Your chances to innovate, create something new or solve a problem with multiple unknowns are higher when you have a diverse team. Such a team, that consist of individuals with various backgrounds, interests and cultures, given the right environment, will produce better ideas and solutions. But what if you don't need to innovate? What if you need to execute effectively?

Jonathan Haidt, in his brilliant book "The Righteous Mind: Why Good People are Divided by Politics and Religion", writes
Increase similarity, not diversity. To make a human hive, you want to make everyone feel like a family. So don’t call attention to racial and ethnic differences; make them less relevant by ramping up similarity and celebrating the group’s shared values and common identity. A great deal of research in social psychology shows that people are warmer and more trusting toward people who look like them, dress like them, talk like them, or even just share their first name or birthday.
Why would we want to make our teams more like hives? For one, because a hive is ultra-effective. It could achieve much more, much quicker than a pack of diverse individuals. To quote Jonathan Haidt again
[hive-like-groups] generate more social capital—the bonds of trust that help employees get more work done at a lower cost than employees at other firms. Hivish employees work harder, have more fun, and are less likely to quit or to sue the company.
In certain circumstances, a hive-like, homogeneous group might be more preferable to a diverse one. Let's see why a homogeneous team might be better for certain tasks and when you might need one.

Advantages of homogeneous teams

People that are similar like each other more

Yup, as simple as that. We might not enjoy that fact, but study after study finds that people who are similar ending up liking each other more. Getting along is important for the team's performance. Hence homogeneous teams have an upfront advantage.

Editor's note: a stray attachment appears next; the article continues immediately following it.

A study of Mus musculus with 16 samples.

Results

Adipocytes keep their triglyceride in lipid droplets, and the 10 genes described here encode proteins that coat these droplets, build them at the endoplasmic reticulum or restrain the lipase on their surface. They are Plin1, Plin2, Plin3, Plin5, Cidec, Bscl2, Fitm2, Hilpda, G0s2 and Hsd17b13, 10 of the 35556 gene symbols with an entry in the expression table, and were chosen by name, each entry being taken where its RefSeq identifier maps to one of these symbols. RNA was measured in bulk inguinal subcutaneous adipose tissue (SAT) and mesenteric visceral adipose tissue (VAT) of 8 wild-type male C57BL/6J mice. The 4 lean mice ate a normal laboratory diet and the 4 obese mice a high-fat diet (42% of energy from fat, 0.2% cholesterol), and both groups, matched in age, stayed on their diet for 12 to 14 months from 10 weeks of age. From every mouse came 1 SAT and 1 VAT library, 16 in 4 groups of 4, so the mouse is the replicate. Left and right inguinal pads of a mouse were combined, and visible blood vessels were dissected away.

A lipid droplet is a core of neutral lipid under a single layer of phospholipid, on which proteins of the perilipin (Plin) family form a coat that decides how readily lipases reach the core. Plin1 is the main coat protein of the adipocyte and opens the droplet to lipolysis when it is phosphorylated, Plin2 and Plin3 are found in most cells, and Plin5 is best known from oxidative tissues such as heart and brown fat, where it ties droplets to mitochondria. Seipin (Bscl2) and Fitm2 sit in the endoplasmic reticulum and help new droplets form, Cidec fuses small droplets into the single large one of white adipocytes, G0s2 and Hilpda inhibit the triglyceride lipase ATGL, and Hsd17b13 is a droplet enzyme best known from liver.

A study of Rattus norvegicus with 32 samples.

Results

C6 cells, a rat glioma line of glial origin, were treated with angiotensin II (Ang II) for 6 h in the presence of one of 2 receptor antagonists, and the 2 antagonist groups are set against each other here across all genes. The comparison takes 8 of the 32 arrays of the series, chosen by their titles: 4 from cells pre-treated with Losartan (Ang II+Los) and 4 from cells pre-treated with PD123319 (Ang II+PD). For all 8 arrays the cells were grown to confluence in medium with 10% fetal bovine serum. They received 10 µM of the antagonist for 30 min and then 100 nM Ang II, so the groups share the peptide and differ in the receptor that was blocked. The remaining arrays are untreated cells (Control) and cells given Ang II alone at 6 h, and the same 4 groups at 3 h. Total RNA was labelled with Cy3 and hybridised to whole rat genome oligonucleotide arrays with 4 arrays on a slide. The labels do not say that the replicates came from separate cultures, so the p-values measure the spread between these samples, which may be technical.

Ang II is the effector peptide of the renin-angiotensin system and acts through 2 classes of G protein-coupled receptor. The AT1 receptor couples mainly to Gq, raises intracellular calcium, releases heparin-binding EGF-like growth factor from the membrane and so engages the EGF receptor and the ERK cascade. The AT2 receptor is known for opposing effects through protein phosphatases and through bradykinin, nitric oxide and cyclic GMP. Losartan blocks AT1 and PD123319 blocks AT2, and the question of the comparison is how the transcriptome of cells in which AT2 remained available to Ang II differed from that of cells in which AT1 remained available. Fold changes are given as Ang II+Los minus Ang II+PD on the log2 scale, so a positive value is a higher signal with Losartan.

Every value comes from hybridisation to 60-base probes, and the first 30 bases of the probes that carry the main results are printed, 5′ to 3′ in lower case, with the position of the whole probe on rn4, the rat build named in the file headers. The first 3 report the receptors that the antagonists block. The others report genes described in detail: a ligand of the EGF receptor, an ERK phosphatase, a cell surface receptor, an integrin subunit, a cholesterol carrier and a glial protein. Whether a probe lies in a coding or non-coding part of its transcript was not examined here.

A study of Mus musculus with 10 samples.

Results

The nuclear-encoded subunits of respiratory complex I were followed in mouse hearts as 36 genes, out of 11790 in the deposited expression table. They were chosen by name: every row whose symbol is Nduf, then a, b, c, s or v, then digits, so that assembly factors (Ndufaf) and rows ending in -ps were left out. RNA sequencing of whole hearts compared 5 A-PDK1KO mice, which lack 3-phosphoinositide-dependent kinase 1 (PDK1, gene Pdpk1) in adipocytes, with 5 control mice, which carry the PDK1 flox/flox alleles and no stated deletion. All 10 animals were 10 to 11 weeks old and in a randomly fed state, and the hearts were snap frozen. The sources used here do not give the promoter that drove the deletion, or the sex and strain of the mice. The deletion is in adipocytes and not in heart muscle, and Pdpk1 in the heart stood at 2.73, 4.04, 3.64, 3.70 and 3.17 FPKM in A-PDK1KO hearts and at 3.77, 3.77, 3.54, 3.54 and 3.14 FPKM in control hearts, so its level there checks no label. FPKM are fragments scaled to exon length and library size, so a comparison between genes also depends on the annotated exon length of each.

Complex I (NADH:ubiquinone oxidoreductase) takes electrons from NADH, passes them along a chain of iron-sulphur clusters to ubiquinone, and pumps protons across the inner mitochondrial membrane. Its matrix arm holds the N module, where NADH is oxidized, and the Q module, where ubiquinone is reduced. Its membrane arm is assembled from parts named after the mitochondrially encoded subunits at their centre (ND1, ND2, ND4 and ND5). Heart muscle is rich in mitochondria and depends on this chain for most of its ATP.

Similarities bind people together

When we share beliefs, backgrounds and interests we cooperate better. Take a sports team, an army or an organized religion. Such teams are organized and efficient because their members are bound by shared goals and practices. Trust is much easier to establish in homogeneous teams.

Us versus them

Homogeneous teams tend to be more competitive. A healthy rivalry often brings the best out of all competitors. In sport, love or war - fair competition consistently demands all parties to raise their game. Homogeneous teams tend to work harder and demand more of each other to beat their rivals.

When a homogeneous team might be more preferable to diverse

Precise execution

When you have a project that is strictly defined. Requirements are set in stone and will not change. Your main focus is precise and timely execution. In such conditions homogeneous team might be better suited than a diverse one.

Hierarchical leadership

In an environment when you have an autocratic leader who micromanages everything. And a group of contributors whos success depends on the leader's decisions. Then a homogeneous team might perform better as it would galvanise around the leader.


Probably a combination of the above. When you're in a state of emergency. When speed is the priority. And when there is no time for discussions - a homogeneous team will get a job done faster than a diverse one. Less time will be spent on communication and accommodation of individual differences.

In sum

Creativity is probably the most important factor in product success nowadays. To come up with novel ideas and ways of working you need a diverse team of professionals. But in time of crisis, or when time and hierarchy become dominant, homogeneous teams tend to do a better job.